Part Two: Apple's full Letter to the National Highway Traffic Administration
Apple's Third Store in Paris Opened on Saturday

Apple Sends Feedback to the National Highway Traffic Administration on Key Policies Regarding Autonomous Vehicles

1 cover graphic project titan


In September Patently Apple posted a report titled "Apple Refocuses Project Titan towards Advanced System Software and away from a Dreamy iCar." While the report provided a broad overview of Project Titan, the focus was on a report by the New York Times that claimed Apple was indeed rethinking Project Titan. "Apple has shuttered parts of its self-driving car project and laid off dozens of employees, according to three people briefed on the move who were not allowed to speak about it publicly." Then in October we posted a report titled "Apple's Canadian Office is Focused on Developing carOS." Apple was aggressively hiring key people from BlackBerry's QNX software division working on the driverless car market. Yesterday, a letter from Apple to U.S. transportation regulators dated November 22, 2016 was made public. The letter reveals Apple's position on a number of key issues surrounding the future of autonomous vehicles. The letter was in response to the Obama administration who sought feedback from Silicon Valley's leading technology companies regarding all facets of autonomous vehicles from safety through to ethics.


The letter from Steve Kenner, Apple's director of product integrity, to the head of the National Highway Traffic Safety Administration offered no details on Apple's specific autonomous vehicle project, but did state that Apple "is investing heavily in the study of machine learning and automation, and is excited about the potential of automated systems in many areas, including transportation."


While the letter is far from being a smoking gun regarding Project Titan and their plans for an autonomous vehicle, the depth of Apple's feedback in this letter to the Obama administration does reveal the scope of Apple's understanding of the top issues facing those involved in the manufacture and designing of autonomous vehicles and their systems. Below is but one example of Apple's depth on this subject matter:


"Apple agrees that companies should share de-identified scenario and dynamics data from crashes and near-misses. Data should be sufficient to reconstruct the event, including timeseries of vehicle kinematics and characteristics of the roadway and objects. By sharing data, the industry will build a more comprehensive dataset than any one company could create alone. This will allow everyone in the industry to design systems to better detect and respond to the broadest set of nominal and edge-case scenarios. Apple looks forward to collaborating with other stakeholders to define the specific data that should be shared."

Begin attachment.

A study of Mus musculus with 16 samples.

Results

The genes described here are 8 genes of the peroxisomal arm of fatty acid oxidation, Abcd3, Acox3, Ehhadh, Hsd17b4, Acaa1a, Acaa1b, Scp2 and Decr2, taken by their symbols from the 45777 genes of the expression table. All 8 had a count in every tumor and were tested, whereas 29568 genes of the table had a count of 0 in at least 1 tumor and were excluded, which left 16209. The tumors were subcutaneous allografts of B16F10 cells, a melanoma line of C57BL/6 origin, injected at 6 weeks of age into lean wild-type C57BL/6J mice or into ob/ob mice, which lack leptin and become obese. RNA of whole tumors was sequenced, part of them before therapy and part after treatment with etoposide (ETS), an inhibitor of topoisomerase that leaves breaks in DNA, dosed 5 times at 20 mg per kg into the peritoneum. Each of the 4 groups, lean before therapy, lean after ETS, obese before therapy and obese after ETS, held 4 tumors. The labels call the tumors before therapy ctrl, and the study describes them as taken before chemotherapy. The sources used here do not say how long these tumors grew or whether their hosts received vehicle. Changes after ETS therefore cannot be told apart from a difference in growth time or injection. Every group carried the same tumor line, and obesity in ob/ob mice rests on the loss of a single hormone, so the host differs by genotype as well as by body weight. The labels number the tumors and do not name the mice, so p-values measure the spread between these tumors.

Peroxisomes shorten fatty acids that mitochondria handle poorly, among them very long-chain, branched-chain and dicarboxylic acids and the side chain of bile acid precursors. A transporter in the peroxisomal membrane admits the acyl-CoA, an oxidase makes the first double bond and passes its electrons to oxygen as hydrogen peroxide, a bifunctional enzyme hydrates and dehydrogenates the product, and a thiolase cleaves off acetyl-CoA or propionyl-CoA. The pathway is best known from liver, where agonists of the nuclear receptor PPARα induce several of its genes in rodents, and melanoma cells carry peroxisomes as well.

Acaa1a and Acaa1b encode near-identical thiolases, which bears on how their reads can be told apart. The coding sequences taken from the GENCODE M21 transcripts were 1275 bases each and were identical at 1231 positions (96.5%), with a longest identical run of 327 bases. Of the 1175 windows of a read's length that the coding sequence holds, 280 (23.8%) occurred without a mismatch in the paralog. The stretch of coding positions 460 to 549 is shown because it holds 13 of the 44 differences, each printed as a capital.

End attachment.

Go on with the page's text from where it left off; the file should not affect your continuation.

This particular paragraph suggests that Apple is deeply involved in this area of research and is willing to share with "other stakeholders" so that collectively they could can find better solutions. You could review the entire letter for yourself in part two of our report here.


As with this year's encryption issue, Apple stresses the need for consumer privacy while research on autonomous vehicles is being conducted:


"Data sharing should not come at the cost of privacy. Apple believes that companies should invest the resources necessary to protect individuals' fundamental right to privacy. Apple supports NHTSA's privacy principles, and believes the industry should refine the Consumer Privacy Protection Principles to be more aligned with the Policy. Apple urges NHTSA, industry partners, and relevant federal agencies to continue to address privacy challenges associated with the collection, use, and sharing of automated vehicle data. Apple encourages collaboration with privacy experts beyond the automotive industry."


Apple also endorses the position "That companies employ a range of hazard and threat analysis methods to identify and mitigate potential safety and cybersecurity issues early in development and as technologies evolve."


And lastly, Apple's Director of Product Integrity Steve Kenner noted in the letter that "Apple appreciates the opportunity to comment on the Policy. Apple commends the Department of Transportation and NHTSA for facilitating a national conversation about the safe and ethical development and deployment of automated vehicles. Apple looks forward to collaborating with NHTSA and other stakeholders so that the significant societal benefits of automated vehicles can be realized safely, responsibly, and expeditiously."


Apple's letter to Department of Transportation and NHTSA was first discovered by Venture Beats.